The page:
Think Beyond the Text: Understanding HIPAA and Its Revisions
Guest post by Terry Edwards, CEO, PerfectServe.
Every day, physicians send and receive clinical information to and from patients, nurses, care managers, pharmacy technicians, specialty clinics and other physicians. These communications occur through a wide range of modes—including smart phones, pagers, CPOE, emails, texts and even messaging features within electronic medical records. Patient health information (PHI) is constantly exchanged through these messages, and to avoid a HIPAA violation, which can cost millions of dollars plus a hit to reputation, practices must make sure proper security features are in place.
Especially for physicians in smaller practices who are already strapped for time and resources, a HIPAA violation could leave their practice in a precarious situation. In fact, according to a recent study by the Ponemon Institute, the average cost of HIPPA breaches from 2010 through 2012 was $2.4 million per organization. To meet evolving guidelines around the quality of care, increase efficiency and potentially avoid financial penalties in the years to come, physicians must address communications security holistically.
The final HIPAA ruling requires physicians look at their entire risk management process, and not just specific technologies, which is why “HIPAA-compliant” text messaging isn’t yet possible. While texts are commonly sent between two individuals via their mobile phones, the “communication universe” into which a text enters is actually much bigger. This universe also includes creating electronic PHI (ePHI) and sending messages—in text and voice modalities—from mobile carrier web sites, paging applications, call centers, answering services and hospital switchboards.
The law stipulates that a covered entity – i.e. a physician, medical group practice, hospital or health system – must perform a formal risk assessment; develop and implement and effective risk management strategy based upon the findings in that risk assessment; implement the strategy using sound policies and procedures; and monitor its risk on an ongoing basis. These regulations apply to physicians creating, transmitting and receiving PHI in any electronic form.
While there is no “one-size-fits-all” approach, medical practices can take the following steps to improve the security of their communications:
- Develop an information security committee to develop and execute the risk management strategy, which should include representatives from IT, operations, and the clinical staff, as well as legal counsel. Leaders should also consider including a third-party security firm or consultant.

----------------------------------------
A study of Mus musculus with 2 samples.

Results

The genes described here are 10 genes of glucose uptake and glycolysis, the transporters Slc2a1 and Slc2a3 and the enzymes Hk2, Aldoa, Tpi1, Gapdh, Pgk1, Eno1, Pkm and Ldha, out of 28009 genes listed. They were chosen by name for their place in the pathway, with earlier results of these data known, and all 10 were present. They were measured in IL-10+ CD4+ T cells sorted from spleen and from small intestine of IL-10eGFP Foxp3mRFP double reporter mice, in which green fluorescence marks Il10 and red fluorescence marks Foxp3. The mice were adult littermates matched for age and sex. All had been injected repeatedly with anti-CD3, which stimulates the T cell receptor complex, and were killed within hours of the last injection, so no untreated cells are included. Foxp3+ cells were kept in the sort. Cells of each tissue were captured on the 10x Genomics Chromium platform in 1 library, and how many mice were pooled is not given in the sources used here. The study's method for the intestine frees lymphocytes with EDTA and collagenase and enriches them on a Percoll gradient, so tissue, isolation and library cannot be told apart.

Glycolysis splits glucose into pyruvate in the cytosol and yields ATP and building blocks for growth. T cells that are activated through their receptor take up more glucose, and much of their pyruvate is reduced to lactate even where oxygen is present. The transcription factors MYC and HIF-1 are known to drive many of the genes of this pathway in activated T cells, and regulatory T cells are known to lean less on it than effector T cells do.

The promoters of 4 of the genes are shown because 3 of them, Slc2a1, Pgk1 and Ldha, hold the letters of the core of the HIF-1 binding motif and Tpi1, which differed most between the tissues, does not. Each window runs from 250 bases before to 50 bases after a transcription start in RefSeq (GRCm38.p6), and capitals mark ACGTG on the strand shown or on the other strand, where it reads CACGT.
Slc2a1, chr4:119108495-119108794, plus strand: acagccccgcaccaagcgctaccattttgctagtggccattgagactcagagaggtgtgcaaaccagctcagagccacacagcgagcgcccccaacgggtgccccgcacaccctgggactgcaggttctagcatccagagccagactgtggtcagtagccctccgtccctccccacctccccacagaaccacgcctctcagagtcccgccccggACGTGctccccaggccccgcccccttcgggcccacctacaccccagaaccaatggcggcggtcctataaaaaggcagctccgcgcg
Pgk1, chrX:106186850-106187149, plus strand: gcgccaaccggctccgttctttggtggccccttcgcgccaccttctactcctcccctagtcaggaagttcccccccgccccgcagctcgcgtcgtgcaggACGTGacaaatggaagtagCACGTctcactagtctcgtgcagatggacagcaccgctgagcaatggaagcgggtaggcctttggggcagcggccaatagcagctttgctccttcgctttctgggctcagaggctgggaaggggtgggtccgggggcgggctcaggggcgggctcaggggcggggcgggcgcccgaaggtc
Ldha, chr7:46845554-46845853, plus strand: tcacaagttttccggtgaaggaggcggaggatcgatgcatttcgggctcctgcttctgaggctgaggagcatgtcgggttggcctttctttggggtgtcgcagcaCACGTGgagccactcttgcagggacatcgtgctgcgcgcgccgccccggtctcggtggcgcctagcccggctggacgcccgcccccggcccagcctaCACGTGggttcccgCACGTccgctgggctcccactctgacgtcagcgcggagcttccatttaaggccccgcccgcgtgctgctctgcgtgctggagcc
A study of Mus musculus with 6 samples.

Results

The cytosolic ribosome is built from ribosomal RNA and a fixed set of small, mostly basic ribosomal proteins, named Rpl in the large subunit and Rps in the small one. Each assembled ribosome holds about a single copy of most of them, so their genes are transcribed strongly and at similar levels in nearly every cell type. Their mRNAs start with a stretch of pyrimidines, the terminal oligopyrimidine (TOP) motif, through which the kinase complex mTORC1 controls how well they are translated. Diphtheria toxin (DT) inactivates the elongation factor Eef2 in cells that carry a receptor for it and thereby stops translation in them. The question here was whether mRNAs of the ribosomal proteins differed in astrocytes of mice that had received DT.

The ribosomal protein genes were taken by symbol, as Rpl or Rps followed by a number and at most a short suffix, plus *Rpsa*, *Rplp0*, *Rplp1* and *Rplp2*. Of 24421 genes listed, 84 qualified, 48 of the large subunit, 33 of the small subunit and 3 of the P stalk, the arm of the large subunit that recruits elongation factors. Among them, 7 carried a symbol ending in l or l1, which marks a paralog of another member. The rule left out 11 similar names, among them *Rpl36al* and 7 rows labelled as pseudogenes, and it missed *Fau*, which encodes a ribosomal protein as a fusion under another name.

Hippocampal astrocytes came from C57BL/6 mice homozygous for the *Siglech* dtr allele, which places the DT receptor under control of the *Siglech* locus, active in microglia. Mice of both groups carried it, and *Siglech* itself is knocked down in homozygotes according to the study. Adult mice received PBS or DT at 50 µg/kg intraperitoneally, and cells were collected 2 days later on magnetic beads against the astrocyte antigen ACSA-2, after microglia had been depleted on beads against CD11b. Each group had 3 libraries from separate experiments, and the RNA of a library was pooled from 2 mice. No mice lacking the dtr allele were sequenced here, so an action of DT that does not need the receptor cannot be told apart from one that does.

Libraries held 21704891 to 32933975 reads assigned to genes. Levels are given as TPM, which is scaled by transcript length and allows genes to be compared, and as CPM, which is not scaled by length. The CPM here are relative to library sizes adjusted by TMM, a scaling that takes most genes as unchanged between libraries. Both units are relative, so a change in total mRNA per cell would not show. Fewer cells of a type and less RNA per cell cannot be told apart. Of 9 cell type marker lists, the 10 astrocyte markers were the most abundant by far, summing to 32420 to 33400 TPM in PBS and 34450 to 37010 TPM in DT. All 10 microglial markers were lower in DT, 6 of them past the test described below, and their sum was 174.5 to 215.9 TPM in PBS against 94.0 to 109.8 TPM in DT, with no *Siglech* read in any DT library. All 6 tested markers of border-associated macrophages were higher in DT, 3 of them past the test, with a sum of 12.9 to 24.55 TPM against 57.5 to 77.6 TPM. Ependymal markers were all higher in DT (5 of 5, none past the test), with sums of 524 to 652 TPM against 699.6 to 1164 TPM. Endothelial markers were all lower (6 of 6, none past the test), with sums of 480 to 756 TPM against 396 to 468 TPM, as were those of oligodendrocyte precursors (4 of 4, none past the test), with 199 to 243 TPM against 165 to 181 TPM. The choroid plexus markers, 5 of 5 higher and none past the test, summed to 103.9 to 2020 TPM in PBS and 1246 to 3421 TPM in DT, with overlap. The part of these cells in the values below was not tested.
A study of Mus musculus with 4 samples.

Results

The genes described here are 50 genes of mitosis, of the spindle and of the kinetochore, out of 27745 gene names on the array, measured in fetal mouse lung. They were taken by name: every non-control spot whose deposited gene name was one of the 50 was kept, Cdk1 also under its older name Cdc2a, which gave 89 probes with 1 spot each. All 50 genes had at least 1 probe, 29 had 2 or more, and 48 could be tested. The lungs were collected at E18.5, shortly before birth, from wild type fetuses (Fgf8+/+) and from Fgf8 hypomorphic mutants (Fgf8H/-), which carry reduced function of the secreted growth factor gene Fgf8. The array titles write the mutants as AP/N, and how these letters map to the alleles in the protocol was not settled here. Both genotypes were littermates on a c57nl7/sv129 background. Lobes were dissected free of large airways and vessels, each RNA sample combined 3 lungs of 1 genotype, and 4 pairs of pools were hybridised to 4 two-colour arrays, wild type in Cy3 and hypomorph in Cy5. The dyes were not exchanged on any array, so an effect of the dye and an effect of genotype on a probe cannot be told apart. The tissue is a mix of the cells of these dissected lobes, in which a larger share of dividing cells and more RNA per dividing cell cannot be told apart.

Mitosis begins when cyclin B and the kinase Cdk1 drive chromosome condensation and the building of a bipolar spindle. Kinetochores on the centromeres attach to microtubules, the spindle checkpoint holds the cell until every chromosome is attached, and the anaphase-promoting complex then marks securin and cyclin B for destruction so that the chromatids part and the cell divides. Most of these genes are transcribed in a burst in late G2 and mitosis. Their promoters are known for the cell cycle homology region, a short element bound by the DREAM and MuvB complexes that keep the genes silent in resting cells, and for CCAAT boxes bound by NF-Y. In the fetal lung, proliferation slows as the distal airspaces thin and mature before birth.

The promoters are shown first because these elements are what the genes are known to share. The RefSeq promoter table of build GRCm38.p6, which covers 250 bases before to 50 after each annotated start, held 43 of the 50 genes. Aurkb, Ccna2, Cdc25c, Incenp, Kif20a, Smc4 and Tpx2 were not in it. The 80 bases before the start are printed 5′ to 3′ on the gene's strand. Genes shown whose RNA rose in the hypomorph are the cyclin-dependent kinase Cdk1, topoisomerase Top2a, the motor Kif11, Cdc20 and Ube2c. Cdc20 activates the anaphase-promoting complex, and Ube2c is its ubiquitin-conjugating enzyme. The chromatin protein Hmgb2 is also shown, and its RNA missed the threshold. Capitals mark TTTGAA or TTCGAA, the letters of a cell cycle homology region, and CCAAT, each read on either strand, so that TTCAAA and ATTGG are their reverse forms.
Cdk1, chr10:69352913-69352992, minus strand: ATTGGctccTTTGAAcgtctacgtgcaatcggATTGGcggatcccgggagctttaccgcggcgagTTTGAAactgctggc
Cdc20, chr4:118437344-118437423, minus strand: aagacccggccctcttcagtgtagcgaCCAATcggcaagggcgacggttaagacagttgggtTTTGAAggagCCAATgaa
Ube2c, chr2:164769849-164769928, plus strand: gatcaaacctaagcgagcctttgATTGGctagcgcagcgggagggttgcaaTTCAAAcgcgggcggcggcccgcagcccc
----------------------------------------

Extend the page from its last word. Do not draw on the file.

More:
- Organize and execute a formal risk analysis to identify where and how ePHI is created, transmitted, stored and received.
- Establish an appropriate risk management strategy that’s specific to the needs and vulnerabilities of its physicians. The risk management strategy should include policies and procedures that ensure the security of message data during transmission, routing and storage. To ensure HIPAA compliance, ePHI transmitted across all channels must be “minimally necessary”—which means it includes only the PHI needed for that communication.
- Roll out these policies and procedures and train staff on the new processes. Implementing new policies and procedures is the biggest challenge, especially as a substantial proportion of reported security breaches are due in part to insufficient training of staff. All staff with access to PHI must be educated about the specific policies and procedures, which will help ensure they are upheld across the organization.
- Monitor information security risk on an ongoing basis to ensure continued compliance with security standards. Your staff should receive regular trend reports from the information security committee based on their ongoing assessment of ePHI security and recognize changes that may need to be made to the policies and procedures over time.
In today’s increasingly complex healthcare environment, where physicians often receive more communications than any other care provider, analyzing and implementing a broader policy around security across all forms of electronic communications is a must to avoid and mitigate the adverse consequences of a breach. By clarifying the confusion around electronic communications now, physicians and physician groups will be better prepared to minimize risk and maximize best-practice communication processes in the future.